Lots of life on the Lester River

“Some kind of merganser” seems to be the early consensus on Tony Mitchell’s mystery duck from the Lester River.
I’m too far out of my depth to even hazard a guess, but I can tell you that Tony did see mergansers during his recent birding trips to the Lester River.
And lots more.
Tony was kind enough to share some of his pictures, and I’m happy to pass them along to you.
We start with an immature bald eagle. (They don’t start to “go bald” until the fourth year.)

Next, a couple of pictures of a cedar waxwing. In the first one, it looks like it’s wearing spaceman goggles. I always think the subtle colorings of a cedar waxwing are exquisite.


And now we get to the mergansers, starting with a common merganser (I love this picture):

And some family time with red-breasted mergansers:


And, speaking of family time, a mallard family:

Tony said he also saw cormorants and ring-billed gulls.

Your bird photos and stories gleefully accepted at: jlundy@duluthnews.com.

Mystery duck

Tony Mitchell has been birding along the Lester River this month, and he has spotted an unfamiliar duck a couple of times. He also has taken some lovely pictures of it:



Tony took some pictures of more familiar birds as well, which I’ll share soon. But for now, it’s up to you dear readers: Can you identify the Lester River duck?

Your bird pictures and stories gratefully greeted at: jlundy@duluthnews.com.

Most wanted

Tony Mitchell reminded me of my “Wanna-See” list, posted here way back on Feb. 23, 2008.
This was my list:
1. Scarlet tanager
2. Gray jay
3. Boreal chickadee
4. Great gray owl
5. Snowy owl
6. Harris’ sparrow
7. Eastern bluebird
8. Mountain bluebird
9. Cape May warbler
10. Northern mockingbird
11. Three-toed woodpecker
In the three-plus years since then, I’ve seen three of those birds. Will I get them all by, say, 2020?
The birds I’ve seen: scarlet tanager, Harris’ sparrow, Cape May warbler. I don’t have any other birds to add to the list, although I’m thrilled to see ANY bird for the first time, as long as it’s alive and not in captivity. My biggest frustration is my continued failure to spot a gray jay. For someone who lives in Northeastern Minnesota, it shouldn’t be that hard. And it shouldn’t be a bird that’s hard to identify.
Tony offered his own list (in no certain order, he said). Here it is:
1. Scarlet tanager
2. Snowy owl
3. Great gray owl
4. Three-toed woodpecker
5. Black-billed magpie
6. Eastern meadowlark
7. Great black-backed gull
8. Saw-whet owl
9. Gryfalcon
10. Parasitic Jaeger
11. Tufted titmouse
What about you? Do you have a most-wanted-bird list? Eleven isn’t a magic number. It can be two or eight or 12. But I’d be interested in finding out what birds you’d most like to see.

Your lists, photos and stories eagerly received here: jlundy@duluthnews.com.

More from Park Point

Thanks for your responses about the mystery shorebirds. Consensus seems to be at least a couple of kinds of sandpipers.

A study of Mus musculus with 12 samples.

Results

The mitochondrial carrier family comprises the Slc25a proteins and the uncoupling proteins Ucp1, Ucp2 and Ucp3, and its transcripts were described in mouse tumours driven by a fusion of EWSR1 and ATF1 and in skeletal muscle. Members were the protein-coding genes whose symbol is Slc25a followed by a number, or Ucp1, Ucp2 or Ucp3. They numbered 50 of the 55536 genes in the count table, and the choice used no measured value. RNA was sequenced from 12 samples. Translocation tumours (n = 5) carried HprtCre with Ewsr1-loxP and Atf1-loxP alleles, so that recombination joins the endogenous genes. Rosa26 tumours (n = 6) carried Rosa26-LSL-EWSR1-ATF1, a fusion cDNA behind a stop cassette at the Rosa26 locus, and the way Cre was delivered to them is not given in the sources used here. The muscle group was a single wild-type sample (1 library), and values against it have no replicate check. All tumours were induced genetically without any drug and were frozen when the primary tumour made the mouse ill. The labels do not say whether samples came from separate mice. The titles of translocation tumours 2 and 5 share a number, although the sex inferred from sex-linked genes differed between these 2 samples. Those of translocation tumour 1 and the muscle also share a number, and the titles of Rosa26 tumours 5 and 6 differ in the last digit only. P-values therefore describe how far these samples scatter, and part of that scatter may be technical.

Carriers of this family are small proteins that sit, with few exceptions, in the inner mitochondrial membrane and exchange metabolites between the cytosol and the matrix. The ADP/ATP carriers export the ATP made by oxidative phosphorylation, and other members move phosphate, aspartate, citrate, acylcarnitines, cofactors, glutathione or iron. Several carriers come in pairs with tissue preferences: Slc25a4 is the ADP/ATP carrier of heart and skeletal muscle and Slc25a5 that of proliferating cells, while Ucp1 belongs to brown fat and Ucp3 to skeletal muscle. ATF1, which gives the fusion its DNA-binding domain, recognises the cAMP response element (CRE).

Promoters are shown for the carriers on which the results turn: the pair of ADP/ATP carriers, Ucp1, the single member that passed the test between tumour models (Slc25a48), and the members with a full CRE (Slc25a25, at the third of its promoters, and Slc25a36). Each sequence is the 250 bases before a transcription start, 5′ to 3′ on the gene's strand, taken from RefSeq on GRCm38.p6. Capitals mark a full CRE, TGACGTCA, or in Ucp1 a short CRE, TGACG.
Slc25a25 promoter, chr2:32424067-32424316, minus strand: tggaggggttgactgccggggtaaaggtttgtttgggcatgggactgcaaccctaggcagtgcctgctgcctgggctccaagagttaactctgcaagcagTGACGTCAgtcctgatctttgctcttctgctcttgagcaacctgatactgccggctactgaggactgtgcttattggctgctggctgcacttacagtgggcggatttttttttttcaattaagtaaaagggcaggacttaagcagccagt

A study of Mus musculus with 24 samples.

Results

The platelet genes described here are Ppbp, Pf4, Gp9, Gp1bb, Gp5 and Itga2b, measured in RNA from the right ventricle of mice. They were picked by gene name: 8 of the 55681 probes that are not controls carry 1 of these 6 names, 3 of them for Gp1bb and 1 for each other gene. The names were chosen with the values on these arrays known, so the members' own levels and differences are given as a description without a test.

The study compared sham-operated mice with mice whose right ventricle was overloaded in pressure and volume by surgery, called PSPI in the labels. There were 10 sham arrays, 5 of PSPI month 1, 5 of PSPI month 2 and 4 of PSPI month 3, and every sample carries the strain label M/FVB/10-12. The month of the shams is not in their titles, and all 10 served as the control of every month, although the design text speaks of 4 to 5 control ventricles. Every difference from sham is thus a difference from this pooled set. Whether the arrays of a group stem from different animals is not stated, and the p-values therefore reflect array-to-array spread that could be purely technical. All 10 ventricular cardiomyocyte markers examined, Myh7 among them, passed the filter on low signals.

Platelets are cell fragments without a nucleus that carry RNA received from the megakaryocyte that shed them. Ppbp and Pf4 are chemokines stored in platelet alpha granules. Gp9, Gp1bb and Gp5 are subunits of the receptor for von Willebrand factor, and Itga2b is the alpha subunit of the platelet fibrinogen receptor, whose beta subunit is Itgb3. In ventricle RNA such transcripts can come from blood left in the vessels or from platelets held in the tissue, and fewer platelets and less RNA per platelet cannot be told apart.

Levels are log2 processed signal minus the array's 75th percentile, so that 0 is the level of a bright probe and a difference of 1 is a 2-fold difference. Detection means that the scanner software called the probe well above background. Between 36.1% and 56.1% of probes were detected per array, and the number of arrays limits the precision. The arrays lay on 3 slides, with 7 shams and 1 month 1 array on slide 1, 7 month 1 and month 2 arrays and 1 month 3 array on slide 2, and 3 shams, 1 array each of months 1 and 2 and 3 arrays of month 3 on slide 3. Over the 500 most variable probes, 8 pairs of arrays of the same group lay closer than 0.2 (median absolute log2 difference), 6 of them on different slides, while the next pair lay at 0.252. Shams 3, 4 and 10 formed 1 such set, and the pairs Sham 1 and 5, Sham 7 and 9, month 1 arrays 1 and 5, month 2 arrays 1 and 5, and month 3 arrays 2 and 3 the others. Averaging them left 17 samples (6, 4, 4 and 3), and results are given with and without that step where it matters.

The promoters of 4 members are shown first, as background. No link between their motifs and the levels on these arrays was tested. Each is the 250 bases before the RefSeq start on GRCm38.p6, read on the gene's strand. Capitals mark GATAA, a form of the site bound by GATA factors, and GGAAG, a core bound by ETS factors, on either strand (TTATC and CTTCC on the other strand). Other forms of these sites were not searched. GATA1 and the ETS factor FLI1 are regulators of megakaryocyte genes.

Now for more of Tony Mitchell’s pictures from Park Point taken a couple of Sundays ago. Here’s a great collection of eastern kingbirds in action:





And a couple of nice views of a great blue heron:

Your bird stories and pictures gratefully received at: jlundy@duluthnews.com.

Mystery shorebirds

Tony Mitchell birded on Park Point on Sunday, and he came across a couple of shorebirds that he couldn’t identify. Can anyone help us with IDs of the shorebirds in Tony’s pictures?






Tony also saw plenty of birds he could identify: bald eagles, Canada geese, common terns, eastern kingbirds, mallards, ring-billed gulls, robins, common mergansers, double-crested cormorants, American black ducks, great blue heron, Nashville warbler, killdeer, red-winged blackbirds, common grackles, black-capped chickadees, song sparrows and starlings.
He shared some wonderful photos of kingbirds and a heron; I’ll save those for a later day.

Meanwhile, I was far away, visiting friends who are missionaries in the interior of Papua Indonesia. There are something like 700 species of birds in Papua, but I didn’t see many of them. Thanks to my host pointing them out, I saw — and heard — one flock of hornbills. Each day, about 5:30 p.m., a flock of parrots would fly noisily overhead. I’m pretty sure I saw a few of them one time. One day, I watched a beautiful brown-and-white raptor of some sort soaring over the hills. I haven’t yet figured out what it was. The ubiquitous bird in the area we were in, which was about 2,300 feet above sea level in the tropical rainforest, was some sort of swift. They were artful fliers and great fun to watch. If I stood still, they’d almost fly into me before making an abrupt turn. But they moved much too quickly for me to get a picture.
I took a few pictures of butterflies instead, and I might share them one of these days.
I also had my first taste of python and got a close-up view of a tarantula.

Your bird stories and pictures from far and near welcome at: jlundy@duluthnews.com.